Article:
Referee accused of discriminating against deaf wrestler in state championship match

The high school senior could not read the lips of the referee, who wore a mask.

December 29, 2021, 9:53 PM

The American Civil Liberties Union is accusing the governing body of Nebraska high school sports of discrimination, claiming a referee helped deny a deaf wrestler a state championship in February.

In a letter Tuesday on behalf of Paul Ruff, a former wrestler at Gering High School, the ACLU of Nebraska said that the Nebraska School Activities Association was aware that Ruff relied on lipreading during matches, yet still assigned the only masked referee to the championship match.

"Because Paul could not heed the verbal warnings, [the referee] issued a caution point, which, combined with an earlier caution point, awarded Paul's opponent one full point. As a result, Paul lost the match 0-1," wrote representatives from the ACLU and the National Association of the Deaf.

According to the organizations, Ruff had never before wrestled in a match where a referee wore a mask that was not see-through. Yet, according to the letter, Bryce Abbey, the referee for the match in question, "wore such a mask…despite having knowledge that Paul is deaf and uses lipreading as the primary means of communication."

PHOTO: Paul Ruff, a wrestler who is hearing impaired, speaks during an video conference interview.
Paul Ruff, a wrestler who is hearing impaired, speaks during an video conference interview.

The letter called on the NSAA to publicly acknowledge that Ruff was denied a fair shot to win the match and asked the organization to begin accommodating deaf wrestlers by making referees wear see-through masks.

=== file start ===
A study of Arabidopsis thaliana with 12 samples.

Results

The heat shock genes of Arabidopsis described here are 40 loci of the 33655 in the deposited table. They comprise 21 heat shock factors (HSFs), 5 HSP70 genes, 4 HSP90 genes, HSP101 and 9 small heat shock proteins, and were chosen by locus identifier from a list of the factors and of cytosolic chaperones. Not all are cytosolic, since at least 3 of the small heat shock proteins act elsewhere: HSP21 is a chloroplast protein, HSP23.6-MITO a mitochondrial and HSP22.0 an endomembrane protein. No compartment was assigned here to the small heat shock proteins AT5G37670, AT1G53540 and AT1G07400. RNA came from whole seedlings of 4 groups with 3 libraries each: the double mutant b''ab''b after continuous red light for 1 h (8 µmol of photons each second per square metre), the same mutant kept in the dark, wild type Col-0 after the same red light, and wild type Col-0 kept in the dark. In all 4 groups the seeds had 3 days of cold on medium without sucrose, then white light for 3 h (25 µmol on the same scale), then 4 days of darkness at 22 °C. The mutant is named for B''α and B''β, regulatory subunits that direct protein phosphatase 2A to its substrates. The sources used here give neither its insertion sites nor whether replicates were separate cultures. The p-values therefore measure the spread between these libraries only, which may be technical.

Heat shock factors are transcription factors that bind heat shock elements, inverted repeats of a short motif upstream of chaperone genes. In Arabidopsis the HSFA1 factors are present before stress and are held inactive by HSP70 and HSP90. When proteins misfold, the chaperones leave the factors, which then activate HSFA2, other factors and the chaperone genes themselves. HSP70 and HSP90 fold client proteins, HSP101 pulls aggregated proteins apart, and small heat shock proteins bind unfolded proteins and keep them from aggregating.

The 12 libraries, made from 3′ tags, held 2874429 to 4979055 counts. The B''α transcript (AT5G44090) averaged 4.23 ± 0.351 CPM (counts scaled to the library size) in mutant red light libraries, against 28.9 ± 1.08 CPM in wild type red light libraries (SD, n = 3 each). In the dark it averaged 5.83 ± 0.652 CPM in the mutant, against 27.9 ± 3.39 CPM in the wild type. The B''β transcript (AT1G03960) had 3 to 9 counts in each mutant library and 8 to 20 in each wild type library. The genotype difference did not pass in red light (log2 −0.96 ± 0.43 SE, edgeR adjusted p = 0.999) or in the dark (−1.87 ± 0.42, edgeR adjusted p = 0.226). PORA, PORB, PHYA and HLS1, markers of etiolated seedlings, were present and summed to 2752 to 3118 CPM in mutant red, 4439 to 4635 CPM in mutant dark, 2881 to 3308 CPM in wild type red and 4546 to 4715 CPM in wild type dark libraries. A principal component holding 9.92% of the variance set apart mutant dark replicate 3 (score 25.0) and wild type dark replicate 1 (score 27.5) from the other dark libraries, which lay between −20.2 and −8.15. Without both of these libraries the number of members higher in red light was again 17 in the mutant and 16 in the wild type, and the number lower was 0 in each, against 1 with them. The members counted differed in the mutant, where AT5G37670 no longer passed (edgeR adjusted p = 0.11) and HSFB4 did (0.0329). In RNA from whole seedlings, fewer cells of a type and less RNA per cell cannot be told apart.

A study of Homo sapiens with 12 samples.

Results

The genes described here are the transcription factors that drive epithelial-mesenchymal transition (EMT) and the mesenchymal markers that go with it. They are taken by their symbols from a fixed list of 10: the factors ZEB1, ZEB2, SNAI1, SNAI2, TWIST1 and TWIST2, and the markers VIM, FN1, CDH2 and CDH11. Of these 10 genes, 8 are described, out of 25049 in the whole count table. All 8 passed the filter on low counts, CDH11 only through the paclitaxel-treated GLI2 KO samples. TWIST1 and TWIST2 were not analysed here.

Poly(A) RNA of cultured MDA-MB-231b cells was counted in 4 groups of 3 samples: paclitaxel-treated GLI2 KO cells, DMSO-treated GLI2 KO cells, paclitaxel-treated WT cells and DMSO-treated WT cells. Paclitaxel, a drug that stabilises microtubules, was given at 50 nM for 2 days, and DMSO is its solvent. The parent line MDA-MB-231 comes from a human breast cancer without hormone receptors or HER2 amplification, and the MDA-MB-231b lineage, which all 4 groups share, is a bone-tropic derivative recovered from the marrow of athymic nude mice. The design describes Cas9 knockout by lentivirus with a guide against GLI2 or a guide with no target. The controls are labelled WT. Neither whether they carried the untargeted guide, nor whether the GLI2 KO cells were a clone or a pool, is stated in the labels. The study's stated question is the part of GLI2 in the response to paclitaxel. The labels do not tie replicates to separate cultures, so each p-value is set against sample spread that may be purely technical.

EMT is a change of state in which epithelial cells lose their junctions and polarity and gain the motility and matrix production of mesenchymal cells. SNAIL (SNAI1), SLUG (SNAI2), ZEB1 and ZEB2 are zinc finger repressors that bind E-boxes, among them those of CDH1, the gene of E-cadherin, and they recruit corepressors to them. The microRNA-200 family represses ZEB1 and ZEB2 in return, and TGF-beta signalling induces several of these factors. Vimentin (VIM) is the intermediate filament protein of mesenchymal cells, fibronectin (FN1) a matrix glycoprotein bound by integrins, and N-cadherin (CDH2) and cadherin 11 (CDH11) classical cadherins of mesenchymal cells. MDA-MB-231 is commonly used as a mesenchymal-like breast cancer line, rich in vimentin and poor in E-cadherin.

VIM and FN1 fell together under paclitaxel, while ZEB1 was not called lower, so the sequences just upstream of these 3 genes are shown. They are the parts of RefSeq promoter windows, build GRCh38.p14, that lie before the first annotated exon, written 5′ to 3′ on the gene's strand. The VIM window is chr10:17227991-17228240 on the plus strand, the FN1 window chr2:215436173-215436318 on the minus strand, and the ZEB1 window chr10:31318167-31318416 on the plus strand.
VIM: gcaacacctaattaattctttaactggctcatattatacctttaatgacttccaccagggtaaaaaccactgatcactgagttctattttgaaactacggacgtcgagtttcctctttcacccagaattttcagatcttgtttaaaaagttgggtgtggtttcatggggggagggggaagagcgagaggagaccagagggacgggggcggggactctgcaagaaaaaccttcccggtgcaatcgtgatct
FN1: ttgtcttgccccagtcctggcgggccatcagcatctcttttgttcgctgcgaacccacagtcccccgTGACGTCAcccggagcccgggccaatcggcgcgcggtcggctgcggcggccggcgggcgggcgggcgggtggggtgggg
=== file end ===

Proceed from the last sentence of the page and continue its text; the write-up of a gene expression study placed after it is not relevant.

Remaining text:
In previous public comments, the head of the NSAA, Jay Bellar, defended Abbey, who he said used hand gestures during the match, and noted that Ruff gave a thumbs up, appearing to indicate that he understood the gestures. But Ruff told WOWT, a local NBC station, that the thumbs up was instead a way to ask Abbey if he was complying with Abbey's directives.

Neither Bellar nor Abbey could be reached for comment on Wednesday.

Ruff, who has been deaf since birth, wears a cochlear implant to help hear, but he removes it for matches.

Ruff told Lincoln ABC affiliate KLKN in March that he was confused when his opponent began celebrating after being declared the winner. "I didn't understand why because I didn't know what was going on. I saw the point and didn't understand why he got the point," explained Ruff, who was a senior last year.

"I was crushed by it," he added. "That was probably one of the worst ways possible to lose for me."